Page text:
I find it exceptionally irritating when I hear liberals worry about whether Israel will be able to remain a “Jewish and democratic state” if it retains control of occupied Palestinian lands. It’s irritating because Israel is not now a democratic state nor has it ever tried to be one.
A state which prioritises rights for one group of citizens (in this case Jews, who comprise 80 per cent of the population) over the rights of another group (Arabs, who are 20pc of Israel’s citizenry), cannot be democratic. Israel discriminates against its Arab citizens in law, social services, funding for education and in everyday life. So while the concerns of liberals in the West are about the future of Israeli democracy, what they ignore is the reality of Israel, in practice.
As I document in my book, Palestinians: the Invisible Victims, from its inception in 1948, Israel has guaranteed rights and opportunities for Jews at the expense of the indigenous Palestinians who remained after the Nakba. Instead of experiencing democracy, these Arabs were subjected to harsh military law, as a result of which they were denied fundamental human and civil rights.
During the past 70 years, these Palestinian Arab citizens of Israel have made significant advances as they organised and fought to expand their rights. But as two stories that have appeared recently in the
Israeli media make clear, the contradiction inherent in being a democracy and a Jewish state continues to plague Israel.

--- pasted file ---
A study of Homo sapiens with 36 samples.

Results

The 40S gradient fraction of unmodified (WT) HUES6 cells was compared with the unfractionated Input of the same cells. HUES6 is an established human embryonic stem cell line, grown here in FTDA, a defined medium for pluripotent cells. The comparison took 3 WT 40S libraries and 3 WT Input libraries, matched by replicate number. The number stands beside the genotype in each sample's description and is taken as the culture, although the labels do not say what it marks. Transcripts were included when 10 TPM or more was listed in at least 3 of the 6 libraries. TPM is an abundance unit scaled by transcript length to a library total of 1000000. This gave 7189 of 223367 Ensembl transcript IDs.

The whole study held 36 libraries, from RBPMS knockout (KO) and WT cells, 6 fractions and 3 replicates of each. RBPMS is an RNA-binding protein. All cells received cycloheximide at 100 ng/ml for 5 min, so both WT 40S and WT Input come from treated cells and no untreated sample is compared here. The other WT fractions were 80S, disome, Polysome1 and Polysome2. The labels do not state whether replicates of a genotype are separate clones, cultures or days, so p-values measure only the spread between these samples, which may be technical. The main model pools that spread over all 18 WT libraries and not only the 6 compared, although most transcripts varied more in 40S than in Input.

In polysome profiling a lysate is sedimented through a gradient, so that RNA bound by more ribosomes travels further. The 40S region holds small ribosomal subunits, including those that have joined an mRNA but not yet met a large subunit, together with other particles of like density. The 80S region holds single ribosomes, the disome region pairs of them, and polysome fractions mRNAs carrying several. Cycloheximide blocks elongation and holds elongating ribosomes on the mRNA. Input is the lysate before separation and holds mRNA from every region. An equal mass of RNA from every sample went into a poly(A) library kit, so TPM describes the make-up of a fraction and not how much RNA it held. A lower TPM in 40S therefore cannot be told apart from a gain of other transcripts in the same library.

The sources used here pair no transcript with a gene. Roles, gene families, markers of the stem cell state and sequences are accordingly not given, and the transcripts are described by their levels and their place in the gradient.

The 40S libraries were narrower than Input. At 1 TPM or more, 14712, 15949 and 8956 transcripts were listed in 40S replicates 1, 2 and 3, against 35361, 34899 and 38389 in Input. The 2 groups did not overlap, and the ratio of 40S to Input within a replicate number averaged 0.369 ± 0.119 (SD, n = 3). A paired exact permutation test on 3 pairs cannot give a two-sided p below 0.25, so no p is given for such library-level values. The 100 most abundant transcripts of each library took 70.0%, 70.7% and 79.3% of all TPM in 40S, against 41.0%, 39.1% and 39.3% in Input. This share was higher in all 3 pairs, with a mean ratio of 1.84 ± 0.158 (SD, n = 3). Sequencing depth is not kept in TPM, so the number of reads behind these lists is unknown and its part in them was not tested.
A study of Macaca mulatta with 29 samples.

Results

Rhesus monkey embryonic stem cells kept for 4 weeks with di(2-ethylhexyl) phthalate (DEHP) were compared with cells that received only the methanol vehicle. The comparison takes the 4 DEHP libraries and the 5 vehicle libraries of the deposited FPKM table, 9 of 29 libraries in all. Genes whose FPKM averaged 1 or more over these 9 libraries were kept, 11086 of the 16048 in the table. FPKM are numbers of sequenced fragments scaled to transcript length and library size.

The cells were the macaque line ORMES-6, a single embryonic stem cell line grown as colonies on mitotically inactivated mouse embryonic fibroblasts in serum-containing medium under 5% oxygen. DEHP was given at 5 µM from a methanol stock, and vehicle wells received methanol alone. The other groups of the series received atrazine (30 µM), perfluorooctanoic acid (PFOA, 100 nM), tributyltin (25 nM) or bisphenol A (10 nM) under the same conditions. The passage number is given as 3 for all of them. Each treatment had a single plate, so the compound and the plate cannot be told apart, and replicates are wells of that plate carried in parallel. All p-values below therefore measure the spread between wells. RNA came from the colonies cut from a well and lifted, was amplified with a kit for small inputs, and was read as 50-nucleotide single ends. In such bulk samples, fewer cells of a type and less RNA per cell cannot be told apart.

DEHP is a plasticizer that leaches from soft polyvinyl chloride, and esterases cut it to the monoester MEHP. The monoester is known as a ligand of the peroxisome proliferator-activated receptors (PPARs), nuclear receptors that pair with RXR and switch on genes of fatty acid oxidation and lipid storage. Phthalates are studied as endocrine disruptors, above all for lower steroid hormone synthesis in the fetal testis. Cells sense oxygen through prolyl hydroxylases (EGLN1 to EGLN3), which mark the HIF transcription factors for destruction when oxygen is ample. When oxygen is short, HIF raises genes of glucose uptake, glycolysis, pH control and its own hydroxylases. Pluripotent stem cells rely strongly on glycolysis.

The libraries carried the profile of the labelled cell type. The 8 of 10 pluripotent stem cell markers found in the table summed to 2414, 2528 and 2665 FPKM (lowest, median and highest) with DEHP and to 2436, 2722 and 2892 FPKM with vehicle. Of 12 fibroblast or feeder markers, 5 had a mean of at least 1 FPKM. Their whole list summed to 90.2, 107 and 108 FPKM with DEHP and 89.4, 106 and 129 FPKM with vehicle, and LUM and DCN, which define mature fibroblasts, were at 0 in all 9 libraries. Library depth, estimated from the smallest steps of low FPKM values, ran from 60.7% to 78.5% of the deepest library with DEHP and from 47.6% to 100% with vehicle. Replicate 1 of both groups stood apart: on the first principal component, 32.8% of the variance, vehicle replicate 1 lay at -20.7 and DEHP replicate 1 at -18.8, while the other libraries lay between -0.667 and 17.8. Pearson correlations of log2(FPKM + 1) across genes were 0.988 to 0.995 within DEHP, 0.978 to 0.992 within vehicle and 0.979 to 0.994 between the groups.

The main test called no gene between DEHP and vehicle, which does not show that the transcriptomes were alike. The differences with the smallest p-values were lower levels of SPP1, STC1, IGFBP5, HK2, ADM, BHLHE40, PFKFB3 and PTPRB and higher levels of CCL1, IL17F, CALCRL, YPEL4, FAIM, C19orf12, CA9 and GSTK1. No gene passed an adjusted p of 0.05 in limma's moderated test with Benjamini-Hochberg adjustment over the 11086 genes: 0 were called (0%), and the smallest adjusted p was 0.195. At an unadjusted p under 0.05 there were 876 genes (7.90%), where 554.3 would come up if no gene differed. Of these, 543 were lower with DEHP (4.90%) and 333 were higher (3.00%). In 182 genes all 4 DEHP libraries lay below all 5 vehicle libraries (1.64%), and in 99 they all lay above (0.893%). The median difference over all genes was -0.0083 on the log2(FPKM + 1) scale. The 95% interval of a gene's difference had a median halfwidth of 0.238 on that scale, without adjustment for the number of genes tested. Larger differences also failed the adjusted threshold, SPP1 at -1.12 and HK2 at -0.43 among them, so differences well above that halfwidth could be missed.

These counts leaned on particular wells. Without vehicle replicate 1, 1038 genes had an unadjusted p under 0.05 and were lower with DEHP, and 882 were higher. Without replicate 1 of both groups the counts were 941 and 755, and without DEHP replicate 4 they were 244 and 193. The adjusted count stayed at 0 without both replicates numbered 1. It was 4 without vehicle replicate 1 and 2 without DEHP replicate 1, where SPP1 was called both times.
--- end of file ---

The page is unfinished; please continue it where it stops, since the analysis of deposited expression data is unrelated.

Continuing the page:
In the first story we read that the leadership of the Knesset disqualified a proposed piece of legislation offered by a group of Arab legislators. The bill “Basic Law: Israel, a State of All Its Citizens” sought to guarantee equal rights for all Israelis – Jews and Arabs alike.
Apparently, the Knesset leaders were so threatened by this bill that they were unwilling to even allow it to be introduced and debated. At the same time, however, Jewish members of the body are advancing another piece of legislation which defines Israel as the “national state of the Jewish People”, making it clear that Arabs are at best, second class citizens.
In another story, we learn that Jewish residents of Afula, a town in Northern Israel, demonstrated against the proposed sale of a home in their community to an Arab family. The flyer, mobilising Afula residents to come to the demonstration criticised “the sale of homes to those who are undesirable in the neighbourhood.” The former mayor of the community is quoted in the story saying “the residents of Afula don’t want a mixed city, but rather a Jewish city, and it’s their right.”
This is the impact of the apartheid system that Israel established to govern the lives of its Arab citizens. Since 1948, Israel not only confiscated lands surrounding Arab towns and villages to make way for Jewish agriculture and development, it denied Arabs the right to purchase land and homes in Jewish communities.
Meanwhile, in the West Bank, Israel appears to be preparing a similar fate for the Palestinians living under occupation. Continuing the practice the Israelis instituted in the Galilee region, they have been slowly and steadily concentrating captive West Bank Palestinians into enclaves, denying them access to their land and in some cases, evicting them from their communities.
These stories combined, have two things in common. On the one hand, they establish that it is a contradiction in terms to consider that Israel can be both Jewish and democratic at the same time. Liberals, therefore, can stop fretting about the danger facing Israeli democracy in the future. It already is, in practice, an apartheid state.
Next to consider is the fact that none of these stories made it into the US Press and so I suppose I can almost understand the Western liberal’s lament. Since they just don’t know how Israel behaves, they have no idea that the future they fear, is already here.